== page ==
Welcome to Fix the World Week. Each entry this week will be devoted to making the world a better place.

For me.


One of the worst things about the Internet is that it’s convinced every single person that s/he is the most clever, exceptional, interesting personin the world. Twitter and the comments sections of news articles and blogs are filled with elitists without a pedigree, intellectuals without the intellect, and expert swimmers who have never been in a pool.

Worst of all, they’re really shitty about it.

A recent article from Scott Jordan Harris for The Telegraph (Let’s Drag Film Criticism Out of the Snark Ages) pretty much sums up my frustration with unnecessary and particularly undeserved snark.

Here are some situations where you cannot and should not get snarky:

  • You are making a statement or declaring something a fact that you actually aren’t certain about.
  • You use “FAIL!”
  • You end your own statements with “lol”
  • You shorten “you” to “u”, “your” to “ur” or any other type of unnecessary shorthand.
  • You’re deferring to authority and/or text that was written thousands of years ago by some guy that was just making that shit up as he went along.
  • Implementation of any other form of logical fallacy.
  • You have the word “dude” in your handle.

Note that I said some. There are many other scenarios where snark is not only inappropriate but can actually be self-defeating or embarrassing for you to use.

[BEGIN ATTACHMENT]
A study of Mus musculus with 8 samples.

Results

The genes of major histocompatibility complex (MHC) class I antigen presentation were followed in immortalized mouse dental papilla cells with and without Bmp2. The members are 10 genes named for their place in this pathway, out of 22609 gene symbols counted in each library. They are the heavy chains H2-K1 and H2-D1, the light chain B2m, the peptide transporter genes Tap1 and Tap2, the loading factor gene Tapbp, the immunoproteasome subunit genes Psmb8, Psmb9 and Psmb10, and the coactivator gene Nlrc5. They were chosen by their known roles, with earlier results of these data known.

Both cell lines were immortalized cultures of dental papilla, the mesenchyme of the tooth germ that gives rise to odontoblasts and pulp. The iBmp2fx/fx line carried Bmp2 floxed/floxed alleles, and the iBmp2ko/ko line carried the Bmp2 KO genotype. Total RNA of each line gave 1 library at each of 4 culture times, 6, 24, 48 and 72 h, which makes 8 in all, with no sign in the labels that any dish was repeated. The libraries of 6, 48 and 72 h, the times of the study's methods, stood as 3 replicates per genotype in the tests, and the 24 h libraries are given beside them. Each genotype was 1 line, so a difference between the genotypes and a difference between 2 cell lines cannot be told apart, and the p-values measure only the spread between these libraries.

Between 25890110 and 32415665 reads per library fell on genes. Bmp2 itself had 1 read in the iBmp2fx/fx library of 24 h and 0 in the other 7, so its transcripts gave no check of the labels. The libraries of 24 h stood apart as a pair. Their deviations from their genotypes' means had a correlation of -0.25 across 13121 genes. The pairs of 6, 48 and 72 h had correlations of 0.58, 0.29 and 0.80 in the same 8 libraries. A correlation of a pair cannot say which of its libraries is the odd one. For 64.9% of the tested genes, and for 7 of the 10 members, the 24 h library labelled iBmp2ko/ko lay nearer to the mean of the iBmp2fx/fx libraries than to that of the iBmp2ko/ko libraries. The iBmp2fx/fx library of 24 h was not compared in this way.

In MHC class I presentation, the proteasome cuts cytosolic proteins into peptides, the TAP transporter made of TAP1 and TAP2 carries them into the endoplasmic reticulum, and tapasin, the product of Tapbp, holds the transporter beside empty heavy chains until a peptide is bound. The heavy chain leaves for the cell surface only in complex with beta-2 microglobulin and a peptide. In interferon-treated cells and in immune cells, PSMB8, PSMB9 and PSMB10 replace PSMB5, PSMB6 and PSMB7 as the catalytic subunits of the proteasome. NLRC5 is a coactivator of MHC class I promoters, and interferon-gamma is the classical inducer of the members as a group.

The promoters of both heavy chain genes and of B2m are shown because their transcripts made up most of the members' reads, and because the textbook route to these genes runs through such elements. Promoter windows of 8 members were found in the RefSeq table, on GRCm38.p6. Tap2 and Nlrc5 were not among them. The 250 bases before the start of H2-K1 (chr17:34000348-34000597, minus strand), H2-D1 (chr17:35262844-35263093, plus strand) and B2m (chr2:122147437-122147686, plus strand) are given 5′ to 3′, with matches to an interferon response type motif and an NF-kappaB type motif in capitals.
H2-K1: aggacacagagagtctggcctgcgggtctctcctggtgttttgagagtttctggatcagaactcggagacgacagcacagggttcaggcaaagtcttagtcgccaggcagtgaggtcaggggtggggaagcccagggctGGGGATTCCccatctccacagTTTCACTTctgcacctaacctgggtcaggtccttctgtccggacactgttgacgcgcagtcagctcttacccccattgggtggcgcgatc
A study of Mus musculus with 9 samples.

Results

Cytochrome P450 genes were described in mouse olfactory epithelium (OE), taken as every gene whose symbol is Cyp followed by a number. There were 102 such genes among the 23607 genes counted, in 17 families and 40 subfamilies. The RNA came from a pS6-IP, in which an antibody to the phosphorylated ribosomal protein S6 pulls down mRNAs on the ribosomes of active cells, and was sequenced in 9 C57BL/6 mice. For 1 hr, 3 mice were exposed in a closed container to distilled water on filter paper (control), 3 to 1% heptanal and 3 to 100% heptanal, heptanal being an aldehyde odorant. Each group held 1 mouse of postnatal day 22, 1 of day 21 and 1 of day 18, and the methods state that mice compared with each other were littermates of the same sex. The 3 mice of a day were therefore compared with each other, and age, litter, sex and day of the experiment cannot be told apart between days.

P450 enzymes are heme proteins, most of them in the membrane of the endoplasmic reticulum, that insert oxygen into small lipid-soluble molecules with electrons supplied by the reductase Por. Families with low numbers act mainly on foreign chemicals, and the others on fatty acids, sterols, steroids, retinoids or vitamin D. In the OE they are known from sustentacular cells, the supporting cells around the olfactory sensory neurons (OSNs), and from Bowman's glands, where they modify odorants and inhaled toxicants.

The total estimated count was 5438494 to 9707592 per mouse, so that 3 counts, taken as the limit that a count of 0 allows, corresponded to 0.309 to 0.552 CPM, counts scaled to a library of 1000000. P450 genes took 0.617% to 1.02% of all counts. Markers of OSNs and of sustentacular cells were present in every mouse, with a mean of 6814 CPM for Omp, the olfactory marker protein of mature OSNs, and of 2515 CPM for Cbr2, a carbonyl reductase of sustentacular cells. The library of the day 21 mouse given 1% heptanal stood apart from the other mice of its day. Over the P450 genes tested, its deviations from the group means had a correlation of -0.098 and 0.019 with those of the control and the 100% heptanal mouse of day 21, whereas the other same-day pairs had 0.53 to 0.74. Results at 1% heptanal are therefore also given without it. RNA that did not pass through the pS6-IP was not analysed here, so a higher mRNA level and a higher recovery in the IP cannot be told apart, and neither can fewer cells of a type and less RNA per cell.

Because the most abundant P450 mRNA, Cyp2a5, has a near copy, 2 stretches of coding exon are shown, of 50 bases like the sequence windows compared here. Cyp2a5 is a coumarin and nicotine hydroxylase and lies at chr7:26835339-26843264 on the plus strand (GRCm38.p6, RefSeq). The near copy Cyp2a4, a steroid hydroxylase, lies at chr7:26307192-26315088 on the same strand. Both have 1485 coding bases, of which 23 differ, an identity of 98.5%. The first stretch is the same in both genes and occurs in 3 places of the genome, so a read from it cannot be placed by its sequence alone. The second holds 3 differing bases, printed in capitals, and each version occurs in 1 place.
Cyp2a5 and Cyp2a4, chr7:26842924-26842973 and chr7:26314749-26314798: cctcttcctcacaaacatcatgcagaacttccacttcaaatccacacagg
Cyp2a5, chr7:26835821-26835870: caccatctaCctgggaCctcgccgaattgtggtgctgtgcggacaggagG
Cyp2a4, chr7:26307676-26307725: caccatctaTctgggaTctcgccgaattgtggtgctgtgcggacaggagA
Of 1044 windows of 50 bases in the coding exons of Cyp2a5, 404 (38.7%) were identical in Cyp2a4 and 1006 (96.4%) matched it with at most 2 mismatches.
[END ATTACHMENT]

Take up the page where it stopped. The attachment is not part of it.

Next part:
The long and the short of it is this: if you’re going to use snark, please exercise caution. Ask yourself “am I actually clever enough to be employing the use of snark in this scenario?” Because you’re probably not, and you’ll just anger people. After all, there are few things worse in this world than the willfully ignorant and the idiot who has himself convinced he’s anything but.


One Response to Fix the World Week: Don’t Be Snarky Unless You Can Act and Talk Like an Adult

  1. Roger Green says:

    I think most of the ‘sins’ you cite are a function of a short-attention span disorder that appears to be growing.  It explains texting while driving, and Twitter, where U and LOL are all but necessary. ‘FAIL’ is problematic, though, because it assumes a standardization of ‘success’ that frankly we haven’t agreed upon.
    I know for myself that I can’t do snark.  I think some of this whole series is full of snark, not always successfully rendered (gee, I almost wrote IMHO).